Two things that seem to be very different can, in fact, be looking at the same thing from different perspectives. If I told you that an object was the shape of a circle, but that it was also the shape of a rectangle, you would be quite confused by those seemingly contradictory statements. Yet if I showed you a cylindar, looking at it end on would present a circular shape whereas looking at it side on appears as a rectangle.
For Adults: The analogy above helps us to lay the groundwork to be able to accept that science and Torah do not have to conflict. On the contrary, they compliment one another. Specific questions may seem difficult to reconcile, but the truth is that more often than not, these two perspectives complement one another.
For Children: While Judaism believes that animals should be treated properly, humans are different because God gave us the ability to mature and grow in our character and nature. We can work on things like our anger, patience or cravings and perfect ourselves. Animals don’t have that opportunity.
For Adults: Human beings are not merely ‘naked apes’. We have a neshamah – a spark of Godliness invested in us. This manifests as an ability to override the animalistic urges and drives such as the urge to eat and procreate. This helps us to become more refined; we are not slaves to our impulses but can control them.
For Children: The Torah is not a book of Natural History. Nevertheless, what it says is important and is true. Exactly what we are supposed to understand from the text is subject to discussion in the commentaries which is why it is so important to learn them.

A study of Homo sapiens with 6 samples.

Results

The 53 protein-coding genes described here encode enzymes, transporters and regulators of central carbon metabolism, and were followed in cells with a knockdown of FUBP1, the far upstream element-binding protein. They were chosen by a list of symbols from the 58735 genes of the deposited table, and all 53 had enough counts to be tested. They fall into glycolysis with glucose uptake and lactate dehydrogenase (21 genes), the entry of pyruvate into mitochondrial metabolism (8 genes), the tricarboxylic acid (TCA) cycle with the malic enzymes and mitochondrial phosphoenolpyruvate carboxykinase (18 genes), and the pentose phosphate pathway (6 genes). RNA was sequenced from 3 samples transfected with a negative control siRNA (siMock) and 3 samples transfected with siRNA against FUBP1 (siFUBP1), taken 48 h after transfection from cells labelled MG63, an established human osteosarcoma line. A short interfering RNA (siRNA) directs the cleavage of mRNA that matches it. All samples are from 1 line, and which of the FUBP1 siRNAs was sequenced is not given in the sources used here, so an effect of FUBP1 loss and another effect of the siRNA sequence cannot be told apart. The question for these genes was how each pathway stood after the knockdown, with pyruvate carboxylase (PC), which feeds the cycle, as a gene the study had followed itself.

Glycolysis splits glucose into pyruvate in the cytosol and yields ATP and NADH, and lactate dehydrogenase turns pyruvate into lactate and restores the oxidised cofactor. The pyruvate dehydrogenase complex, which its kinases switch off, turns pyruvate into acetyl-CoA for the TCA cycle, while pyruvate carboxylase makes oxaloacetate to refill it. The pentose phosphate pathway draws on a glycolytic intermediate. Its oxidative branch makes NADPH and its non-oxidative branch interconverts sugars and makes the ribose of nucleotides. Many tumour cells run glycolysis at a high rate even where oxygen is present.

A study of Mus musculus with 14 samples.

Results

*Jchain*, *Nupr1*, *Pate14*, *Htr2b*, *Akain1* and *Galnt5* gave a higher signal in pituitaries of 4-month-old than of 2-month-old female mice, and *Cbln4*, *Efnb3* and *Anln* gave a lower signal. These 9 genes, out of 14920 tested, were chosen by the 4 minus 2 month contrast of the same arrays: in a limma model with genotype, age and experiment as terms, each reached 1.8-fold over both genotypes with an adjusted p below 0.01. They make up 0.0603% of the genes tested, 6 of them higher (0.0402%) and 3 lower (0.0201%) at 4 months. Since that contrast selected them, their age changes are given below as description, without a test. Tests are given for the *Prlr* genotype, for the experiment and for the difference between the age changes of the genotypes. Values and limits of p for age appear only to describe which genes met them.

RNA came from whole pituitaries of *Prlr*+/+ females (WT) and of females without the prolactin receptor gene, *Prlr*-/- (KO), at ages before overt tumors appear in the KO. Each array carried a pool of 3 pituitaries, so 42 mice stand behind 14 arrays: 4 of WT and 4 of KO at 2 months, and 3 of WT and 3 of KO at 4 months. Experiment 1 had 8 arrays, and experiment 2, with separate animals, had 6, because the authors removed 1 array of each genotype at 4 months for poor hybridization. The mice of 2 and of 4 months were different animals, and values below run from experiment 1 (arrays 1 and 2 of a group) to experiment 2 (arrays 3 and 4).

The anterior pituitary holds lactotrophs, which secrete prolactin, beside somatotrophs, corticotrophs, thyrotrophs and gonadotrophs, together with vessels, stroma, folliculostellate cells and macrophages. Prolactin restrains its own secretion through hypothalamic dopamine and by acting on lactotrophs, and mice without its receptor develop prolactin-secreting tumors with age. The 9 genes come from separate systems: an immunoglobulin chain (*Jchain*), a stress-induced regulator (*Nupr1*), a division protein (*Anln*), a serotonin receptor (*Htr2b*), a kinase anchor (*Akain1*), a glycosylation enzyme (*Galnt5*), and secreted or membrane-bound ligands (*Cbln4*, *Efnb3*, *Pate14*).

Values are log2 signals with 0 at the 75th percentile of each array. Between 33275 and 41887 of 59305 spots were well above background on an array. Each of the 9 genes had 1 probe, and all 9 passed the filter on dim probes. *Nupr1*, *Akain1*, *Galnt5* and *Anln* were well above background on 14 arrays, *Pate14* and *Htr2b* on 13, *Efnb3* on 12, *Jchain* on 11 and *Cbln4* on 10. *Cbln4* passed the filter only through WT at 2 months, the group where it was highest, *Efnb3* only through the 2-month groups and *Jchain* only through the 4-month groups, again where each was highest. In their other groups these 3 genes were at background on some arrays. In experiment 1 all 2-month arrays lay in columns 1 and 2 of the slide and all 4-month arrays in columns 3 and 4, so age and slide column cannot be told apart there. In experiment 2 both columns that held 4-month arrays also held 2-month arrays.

For Adults: The implication of the question may be much more complex though. Given that ancient man did not know about dinosaurs, the fact that the Torah doesn’t mention them implies that it was written by man and not by God. Surely God wouldn’t have left out something so important. Yet the Torah doesn’t mention lots of things that did exist. That doesn’t mean we don’t believe in them. The Torah is not a book of Natural History nor is it going to invest effort speaking about things that are not relevant. In terms of Noah, since we believe that the story happened only around 5,000 years ago it is obvious that dinosaurs were not on the ark.
Yet this opens up a can of biblical worms. How could a flood have covered the earth only 5,000 years ago? If it did, how did all of the animals dumped somewhere in Turkey after the flood get across to places like America and Australia? There are some approaches who explain that the flood only occurred over part of the world, even though the Torah implies it covered the whole world.